There is a certain magic and wonder about the holidays that no child should be robbed of. How you deal with your separation and divorce during the holiday will directly affect the level of magic and wonder your child experiences. Your actions can help keep the holiday spirit alive and your children merry.

The holidays will be more enjoyable if you emphasize the positive and let go of the negative. During the holidays focus on the merriment: decorations, celebrations, cookie baking, and gift giving. If you are having a hard time with the fact your family is no longer celebrating as a unit, together in one place, be weary of how you are interacting with your children.

Below are a few tips that will help you keep your children in high spirits during the holiday.

  • Don’t bring up divorce. I heard a friend reminding her children, “This is our first holiday as a broken family.” Ouch! She spent the season angry and blaming her ex for ruining her kids' holiday. There was no getting her to understand that her children were simply following her lead. Try not to allow your negative feelings intrude upon your children's experiences during the holidays… or any other time for that matter.

  • Find additional support for yourself. It’s important not to neglect your feelings of your grief, but rather find appropriate outlets/resources for supporting you through your grief. Look for divorce support groups or counseling within your community. Having a place of support often makes the holidays a bit easier to cope with while your grieving your divorce.

  • Make the most time spent with your children. If you are divorced, it may not be possible to share every moment of the holiday with your child. That doesn’t mean you can’t make the most of the time you do have. As a parent, you have a choice. Holidays can be a time of celebration shared with your children, or they can be a time of navel gazing and pity parties. It is up to you what memories you build with your children. Building positive memories means building strong relationships.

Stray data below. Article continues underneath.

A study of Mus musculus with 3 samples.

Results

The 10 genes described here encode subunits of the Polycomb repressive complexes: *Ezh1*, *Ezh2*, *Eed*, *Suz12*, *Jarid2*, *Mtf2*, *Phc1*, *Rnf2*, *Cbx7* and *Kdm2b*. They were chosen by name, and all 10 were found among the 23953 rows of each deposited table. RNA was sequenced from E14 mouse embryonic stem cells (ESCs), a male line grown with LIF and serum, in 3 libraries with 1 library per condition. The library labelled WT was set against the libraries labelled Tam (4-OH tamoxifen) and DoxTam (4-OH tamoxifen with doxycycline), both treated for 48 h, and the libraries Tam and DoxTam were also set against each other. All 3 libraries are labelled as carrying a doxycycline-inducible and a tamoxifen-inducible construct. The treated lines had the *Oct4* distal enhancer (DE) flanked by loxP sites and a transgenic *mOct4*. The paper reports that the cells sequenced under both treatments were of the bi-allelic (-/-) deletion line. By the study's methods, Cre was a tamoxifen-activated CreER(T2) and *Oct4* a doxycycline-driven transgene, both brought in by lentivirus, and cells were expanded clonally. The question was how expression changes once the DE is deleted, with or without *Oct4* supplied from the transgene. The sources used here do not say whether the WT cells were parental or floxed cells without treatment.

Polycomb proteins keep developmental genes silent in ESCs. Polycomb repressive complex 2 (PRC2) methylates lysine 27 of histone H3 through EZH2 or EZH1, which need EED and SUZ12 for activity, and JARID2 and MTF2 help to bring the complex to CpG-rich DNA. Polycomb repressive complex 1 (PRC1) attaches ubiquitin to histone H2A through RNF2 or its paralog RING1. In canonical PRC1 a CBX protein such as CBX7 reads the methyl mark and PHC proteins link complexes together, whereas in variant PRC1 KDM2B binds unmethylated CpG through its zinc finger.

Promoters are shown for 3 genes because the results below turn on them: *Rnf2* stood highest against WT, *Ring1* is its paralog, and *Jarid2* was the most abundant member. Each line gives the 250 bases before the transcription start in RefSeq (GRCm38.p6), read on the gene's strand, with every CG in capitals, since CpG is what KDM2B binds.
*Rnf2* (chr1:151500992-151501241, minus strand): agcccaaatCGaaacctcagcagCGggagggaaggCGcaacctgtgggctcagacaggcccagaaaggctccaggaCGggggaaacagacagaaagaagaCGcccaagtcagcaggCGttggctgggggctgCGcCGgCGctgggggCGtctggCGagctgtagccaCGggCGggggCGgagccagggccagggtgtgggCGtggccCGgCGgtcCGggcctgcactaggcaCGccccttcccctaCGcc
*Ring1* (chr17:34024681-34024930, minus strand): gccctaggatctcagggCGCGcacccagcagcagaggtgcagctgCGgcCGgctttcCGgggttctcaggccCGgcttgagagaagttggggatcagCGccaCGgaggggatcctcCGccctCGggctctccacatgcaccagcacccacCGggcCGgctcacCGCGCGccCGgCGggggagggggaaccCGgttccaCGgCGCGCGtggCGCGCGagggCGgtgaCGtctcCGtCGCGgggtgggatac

• If you aren't the custodial parent, build new traditions with your child in your home. Make the holiday about the time you are able to spend with your child--not about the time you don't have together.

  • Involve your children in decision making. When parents divorce, children feel a lack of control. They have no voice in whether or not their family stays together. Giving your children some control over how they spend their time (holidays and otherwise) lessens the stress of that lack of control. This can be especially important for older children, who would rather be hanging out with friends. Give your child the option of bringing a friend along or planning activities with friends during their time with you. Take advantage of your time together, but allow your child to have an active role in planning any activities you will be doing together.

  • Love Your Child First. When George Strait sang, “If it weren’t for my two kids, I'd hate my ex-wife,” he knew what he was singing about. You may not be able to manage it at other times, but during the holidays, you need to love your children more than you hate your ex-spouse. The holidays aren’t about getting even with your ex, they are about finding joy and celebrating a holiday filled with seasonal spirit and love.